Vietnam‘s inaugural Formula One Grand Prix “might not happen” next year, a source told AFP on Tuesday, as a report said it had been dropped from the 2021 calendar following the arrest of a key official. Doubts about the race arose after Nguyen Duc Chung, who was Hanoi’s mayor and a major supporter of the grand prix, was arrested on corruption charges in August. “Without Chung, the future of the race in Hanoi is gloomy. It might not happen,” a source close to the race told AFP on condition of anonymity.
There has been no word from Vietnamese authorities on whether the race, postponed from April and then cancelled because of the coronavirus, would make its belated debut next year.
Some spectator stands have been removed from beside the track.
And the BBC said the date of the grand prix, April 25, has been left blank on a 22-race 2021 schedule to be published on Tuesday.
The report said the move was triggered by the arrest of Chung, who struck the deal to host the race, for the alleged “appropriation of secret state documents”.
Three others including his driver were arrested in the case, which is not related to the grand prix.
Chung, 53, was suspended as mayor two weeks before his arrest. The one-time director of Hanoi’s police department was appointed chairman of the Hanoi People’s Committee in 2015.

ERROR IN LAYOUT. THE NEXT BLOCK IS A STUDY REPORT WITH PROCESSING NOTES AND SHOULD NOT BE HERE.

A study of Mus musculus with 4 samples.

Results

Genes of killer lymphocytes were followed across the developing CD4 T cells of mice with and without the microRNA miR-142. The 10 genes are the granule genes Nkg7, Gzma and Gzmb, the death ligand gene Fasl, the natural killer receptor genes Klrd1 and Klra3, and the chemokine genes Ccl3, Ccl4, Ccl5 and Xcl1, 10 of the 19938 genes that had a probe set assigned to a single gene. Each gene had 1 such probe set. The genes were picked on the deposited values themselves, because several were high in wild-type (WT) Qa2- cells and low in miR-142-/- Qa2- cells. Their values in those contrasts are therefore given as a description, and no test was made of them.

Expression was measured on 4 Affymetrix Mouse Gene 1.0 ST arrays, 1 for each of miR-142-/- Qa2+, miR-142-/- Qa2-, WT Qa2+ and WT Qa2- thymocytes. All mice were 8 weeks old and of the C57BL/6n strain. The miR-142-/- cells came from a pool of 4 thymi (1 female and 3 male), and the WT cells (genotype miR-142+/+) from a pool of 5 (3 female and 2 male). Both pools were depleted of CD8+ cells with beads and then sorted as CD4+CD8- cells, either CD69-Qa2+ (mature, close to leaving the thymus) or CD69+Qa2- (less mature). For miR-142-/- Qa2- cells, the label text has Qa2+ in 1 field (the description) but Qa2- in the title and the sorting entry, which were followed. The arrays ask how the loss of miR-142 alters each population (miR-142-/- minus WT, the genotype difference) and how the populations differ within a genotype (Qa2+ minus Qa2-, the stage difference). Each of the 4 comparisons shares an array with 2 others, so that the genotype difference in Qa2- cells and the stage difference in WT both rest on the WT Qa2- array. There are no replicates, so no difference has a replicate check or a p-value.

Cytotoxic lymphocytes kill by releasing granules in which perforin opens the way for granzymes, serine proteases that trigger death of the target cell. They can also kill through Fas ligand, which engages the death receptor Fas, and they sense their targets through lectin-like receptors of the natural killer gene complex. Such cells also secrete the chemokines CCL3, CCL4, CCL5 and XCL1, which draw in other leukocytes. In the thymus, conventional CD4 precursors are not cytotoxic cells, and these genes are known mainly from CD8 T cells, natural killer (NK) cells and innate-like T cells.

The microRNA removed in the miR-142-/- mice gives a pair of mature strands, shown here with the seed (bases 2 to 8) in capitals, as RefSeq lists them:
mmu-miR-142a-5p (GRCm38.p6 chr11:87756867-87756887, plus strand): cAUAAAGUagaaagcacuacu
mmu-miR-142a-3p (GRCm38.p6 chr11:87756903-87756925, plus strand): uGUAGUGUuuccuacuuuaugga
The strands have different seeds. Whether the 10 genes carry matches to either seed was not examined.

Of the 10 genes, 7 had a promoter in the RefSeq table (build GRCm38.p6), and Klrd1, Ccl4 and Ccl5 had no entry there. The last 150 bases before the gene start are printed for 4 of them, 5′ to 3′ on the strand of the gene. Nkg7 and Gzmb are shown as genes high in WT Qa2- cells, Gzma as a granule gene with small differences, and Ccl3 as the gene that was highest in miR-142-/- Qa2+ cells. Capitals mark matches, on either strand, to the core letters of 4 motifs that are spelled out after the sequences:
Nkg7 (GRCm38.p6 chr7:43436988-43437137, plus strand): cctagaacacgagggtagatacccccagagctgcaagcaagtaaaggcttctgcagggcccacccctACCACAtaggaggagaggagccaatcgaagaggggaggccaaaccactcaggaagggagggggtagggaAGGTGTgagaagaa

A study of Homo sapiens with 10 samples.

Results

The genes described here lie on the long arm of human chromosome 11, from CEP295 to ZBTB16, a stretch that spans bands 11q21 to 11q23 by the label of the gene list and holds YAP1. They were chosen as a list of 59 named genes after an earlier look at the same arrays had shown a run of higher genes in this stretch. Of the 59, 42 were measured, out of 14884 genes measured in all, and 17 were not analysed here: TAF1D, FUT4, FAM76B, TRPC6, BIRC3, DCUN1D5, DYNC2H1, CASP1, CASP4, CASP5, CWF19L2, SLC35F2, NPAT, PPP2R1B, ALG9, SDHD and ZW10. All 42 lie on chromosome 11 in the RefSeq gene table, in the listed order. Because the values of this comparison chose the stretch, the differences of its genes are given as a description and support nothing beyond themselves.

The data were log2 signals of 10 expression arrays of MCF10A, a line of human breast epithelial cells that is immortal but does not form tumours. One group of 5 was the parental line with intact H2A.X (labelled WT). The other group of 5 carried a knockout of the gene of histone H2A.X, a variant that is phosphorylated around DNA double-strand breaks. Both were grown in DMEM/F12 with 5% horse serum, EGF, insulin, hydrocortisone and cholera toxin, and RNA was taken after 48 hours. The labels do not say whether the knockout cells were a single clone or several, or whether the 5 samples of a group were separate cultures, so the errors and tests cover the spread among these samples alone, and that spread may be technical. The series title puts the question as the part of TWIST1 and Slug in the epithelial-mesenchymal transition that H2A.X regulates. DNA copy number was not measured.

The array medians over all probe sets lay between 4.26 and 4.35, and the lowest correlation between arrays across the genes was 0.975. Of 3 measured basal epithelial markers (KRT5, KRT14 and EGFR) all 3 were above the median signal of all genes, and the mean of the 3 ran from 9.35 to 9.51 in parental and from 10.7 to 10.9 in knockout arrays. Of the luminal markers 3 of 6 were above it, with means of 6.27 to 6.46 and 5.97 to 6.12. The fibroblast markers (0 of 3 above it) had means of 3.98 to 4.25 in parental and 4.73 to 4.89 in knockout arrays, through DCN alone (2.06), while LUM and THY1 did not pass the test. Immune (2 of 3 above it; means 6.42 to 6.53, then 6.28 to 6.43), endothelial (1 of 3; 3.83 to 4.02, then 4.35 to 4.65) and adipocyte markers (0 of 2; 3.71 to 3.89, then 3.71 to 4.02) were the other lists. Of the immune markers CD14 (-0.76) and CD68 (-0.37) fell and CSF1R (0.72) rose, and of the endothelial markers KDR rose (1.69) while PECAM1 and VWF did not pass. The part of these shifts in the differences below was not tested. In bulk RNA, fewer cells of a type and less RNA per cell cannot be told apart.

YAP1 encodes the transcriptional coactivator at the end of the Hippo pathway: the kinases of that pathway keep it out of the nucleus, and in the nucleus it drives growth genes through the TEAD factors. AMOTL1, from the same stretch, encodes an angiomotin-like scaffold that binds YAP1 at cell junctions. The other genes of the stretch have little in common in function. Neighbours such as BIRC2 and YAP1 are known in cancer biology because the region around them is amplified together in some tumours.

Vietnam signed up for Formula One hoping the glamour of the sport could reflect the country’s economic lift-off and reshape Hanoi’s staid image, much as it has done for Singapore.
The communist nation inked a 10-year deal with Formula One in 2018. State media said it would cost the country $60 million per year.
The fee has been picked up in full by the country’s largest private conglomerate, VinGroup, which had been hoping to dazzle with a night race.
Officials said the 5.565-kilometre track in Hanoi was ready ahead of schedule.
Vietnam last month formally cancelled the 2020 grand prix due to concerns that teams and fans coming from overseas could spark a new outbreak of Covid-19.
Authorities have allowed very few commercial flights into Vietnam since borders were largely closed in March, and tourist visas are still suspended.
The country has gained plaudits for its handling of the coronavirus, with just 1,215 recorded cases and no community transmission for more than two months.